BAGHDAD (AP) — Iraq has begun setting free hundreds of inmates, officials said Monday, offering a concession to Sunni protesters demonstrating against the country's Shiite-led government.
Protesters from Iraq's Sunni minority have been rallying for more than three weeks against what they see as unfair treatment by the government against their sect.
The release of detainees has been one of their main demands, and some of those freed Monday came from areas where anti-government unrest has surfaced.
Sustained demonstrations against the government are rare in Iraq, and the size and staying power of the latest rallies are presenting a growing challenge to the government of Prime Minister Nouri al-Maliki. Many demonstrators are tapping into Arab Spring sentiments by demanding the downfall of the regime.
The unrest is raising fears of a coming upsurge in sectarian bloodshed. Violence has dropped overall in Iraq since the nation neared a civil war several years ago, but attacks still happen frequently, usually in the form of Sunni militants targeting Shiites or security forces in an attempt to undermine the government's authority.
Iraqi authorities occasionally set free groups of inmates, but the latest move carried added significance because of the timing and high-profile nature of the release.
Deputy Prime Minister Hussain al-Shahristani announced the releases at a ceremony at a Baghdad prison attended by dozens of detainees, including some dressed in bright yellow prison jumpsuits. Those being freed were handed boxed Qurans and showered with candy as television cameras rolled.
"I hope that this will be an opportunity for you as Iraqis, who are keen to see the security and safety of the country and the stability of Iraq, to participate with us in spreading the spirit forgiveness and hope," al-Shahristani said at the ceremony.
Al-Shahristani, one of the prime minister's most trusted political allies, oversees a government committee, formed earlier this month, that is charged with looking into protesters' demands.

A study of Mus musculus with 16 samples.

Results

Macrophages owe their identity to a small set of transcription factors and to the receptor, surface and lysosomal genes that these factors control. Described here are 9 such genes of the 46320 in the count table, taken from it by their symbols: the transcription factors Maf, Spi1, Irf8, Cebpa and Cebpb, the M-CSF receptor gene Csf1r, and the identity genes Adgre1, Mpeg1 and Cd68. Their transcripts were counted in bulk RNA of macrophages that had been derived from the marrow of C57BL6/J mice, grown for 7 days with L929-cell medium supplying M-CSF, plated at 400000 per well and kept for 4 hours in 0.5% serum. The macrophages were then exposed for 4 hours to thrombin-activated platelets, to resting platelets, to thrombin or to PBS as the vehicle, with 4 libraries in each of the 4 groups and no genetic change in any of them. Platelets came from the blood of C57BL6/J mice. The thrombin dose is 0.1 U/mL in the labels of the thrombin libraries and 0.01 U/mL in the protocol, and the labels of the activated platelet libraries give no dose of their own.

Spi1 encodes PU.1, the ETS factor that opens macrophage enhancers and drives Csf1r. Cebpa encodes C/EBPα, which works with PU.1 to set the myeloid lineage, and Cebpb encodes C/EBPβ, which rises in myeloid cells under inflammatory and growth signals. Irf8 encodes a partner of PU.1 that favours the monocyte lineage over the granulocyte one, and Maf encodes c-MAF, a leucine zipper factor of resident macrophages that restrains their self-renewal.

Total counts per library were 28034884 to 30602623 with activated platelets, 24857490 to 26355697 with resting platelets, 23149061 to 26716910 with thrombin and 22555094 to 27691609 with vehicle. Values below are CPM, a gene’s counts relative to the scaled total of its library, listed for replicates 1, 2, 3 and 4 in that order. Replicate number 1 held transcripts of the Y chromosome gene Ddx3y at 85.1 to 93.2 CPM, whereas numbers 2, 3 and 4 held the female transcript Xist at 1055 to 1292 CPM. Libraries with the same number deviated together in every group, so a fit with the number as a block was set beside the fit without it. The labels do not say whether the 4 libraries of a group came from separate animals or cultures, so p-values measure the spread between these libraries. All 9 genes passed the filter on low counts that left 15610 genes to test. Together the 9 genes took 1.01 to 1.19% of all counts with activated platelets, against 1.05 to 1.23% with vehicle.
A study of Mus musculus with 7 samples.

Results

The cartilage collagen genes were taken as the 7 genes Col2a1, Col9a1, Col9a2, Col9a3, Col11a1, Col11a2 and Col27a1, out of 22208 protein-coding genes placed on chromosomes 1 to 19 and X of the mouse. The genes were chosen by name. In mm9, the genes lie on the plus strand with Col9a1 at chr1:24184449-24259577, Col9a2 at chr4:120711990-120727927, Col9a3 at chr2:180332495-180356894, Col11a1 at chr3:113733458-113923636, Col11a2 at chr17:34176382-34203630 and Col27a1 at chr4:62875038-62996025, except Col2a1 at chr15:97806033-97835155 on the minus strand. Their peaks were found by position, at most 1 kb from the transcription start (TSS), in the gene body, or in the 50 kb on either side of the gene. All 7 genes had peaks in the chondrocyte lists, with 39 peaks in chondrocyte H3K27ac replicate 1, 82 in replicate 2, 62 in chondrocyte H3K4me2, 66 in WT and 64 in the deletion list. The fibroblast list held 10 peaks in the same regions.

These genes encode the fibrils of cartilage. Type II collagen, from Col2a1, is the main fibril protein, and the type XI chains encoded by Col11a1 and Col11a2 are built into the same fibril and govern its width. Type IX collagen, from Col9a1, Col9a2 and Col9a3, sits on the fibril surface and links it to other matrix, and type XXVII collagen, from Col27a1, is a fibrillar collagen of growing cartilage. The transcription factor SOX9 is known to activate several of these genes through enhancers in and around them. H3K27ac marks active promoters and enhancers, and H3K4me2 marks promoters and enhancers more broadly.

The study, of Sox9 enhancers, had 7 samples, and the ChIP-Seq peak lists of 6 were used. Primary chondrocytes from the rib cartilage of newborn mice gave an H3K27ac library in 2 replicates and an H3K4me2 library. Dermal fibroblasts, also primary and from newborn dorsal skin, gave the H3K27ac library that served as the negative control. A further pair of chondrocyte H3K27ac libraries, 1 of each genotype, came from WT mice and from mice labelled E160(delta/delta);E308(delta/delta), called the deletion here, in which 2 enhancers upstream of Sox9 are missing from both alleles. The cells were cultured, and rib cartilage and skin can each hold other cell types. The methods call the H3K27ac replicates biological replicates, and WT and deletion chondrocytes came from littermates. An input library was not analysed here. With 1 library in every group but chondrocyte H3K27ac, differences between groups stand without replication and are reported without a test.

He said 335 detainees have gained their freedom in the past week, but he did not give details on their backgrounds or alleged crimes. More will be released in the coming days, he said, and he encouraged citizens to come forward with details of detainees they believe are being unfairly held.
While the vast western province of Anbar remains the focus of the demonstrations, rallies have erupted in several other predominantly Sunni areas as well.
"I cannot wait to see my elderly father after five years in detention. We hope that the government will do more to end the suffering of the people in this country," said Aziz Sami Awad as he awaited the release of his 77-year-old father, who was arrested during a raid in the northern suburbs of Baghdad in 2009.
Iraq's human rights minister, Mohammed Shiyaa al-Sudani, is a member of the committee headed by al-Shahristani. He said the panel is open to hearing all "legitimate demands of the protesters," and he vowed to streamline the process of releasing detainees.
Some of those who have recently been released had already finished their sentences but hadn't yet been set free because of bureaucratic snags, while others were being held in pre-trial detention, he said. Many of them were detained as part of terrorism-related investigations.
Those set free Monday included detainees from Mosul, Salaheddin and Anbar — all areas that have witnessed recent protests, he said.
Later Monday, gunmen killed a tribal leader, Mohammed Tahir, in a drive-by-shooting in Mosul, according to police and hospital officials. They spoke on condition of anonymity because they were not authorized to release the information to reporters.
Tahir played a role in supporting and leading protests in the northern Iraqi city.
The killing happened a day after a bomb struck a convoy carrying Finance Minister Rafia al-Issawi elsewhere in Iraq. He was unharmed.
The arrest of the Sunni finance minister's bodyguards last month was the spark that set off the wave of protests.
Associated Press writers Qassim Abdul-Zahra and Sameer N. Yacoub contributed reporting.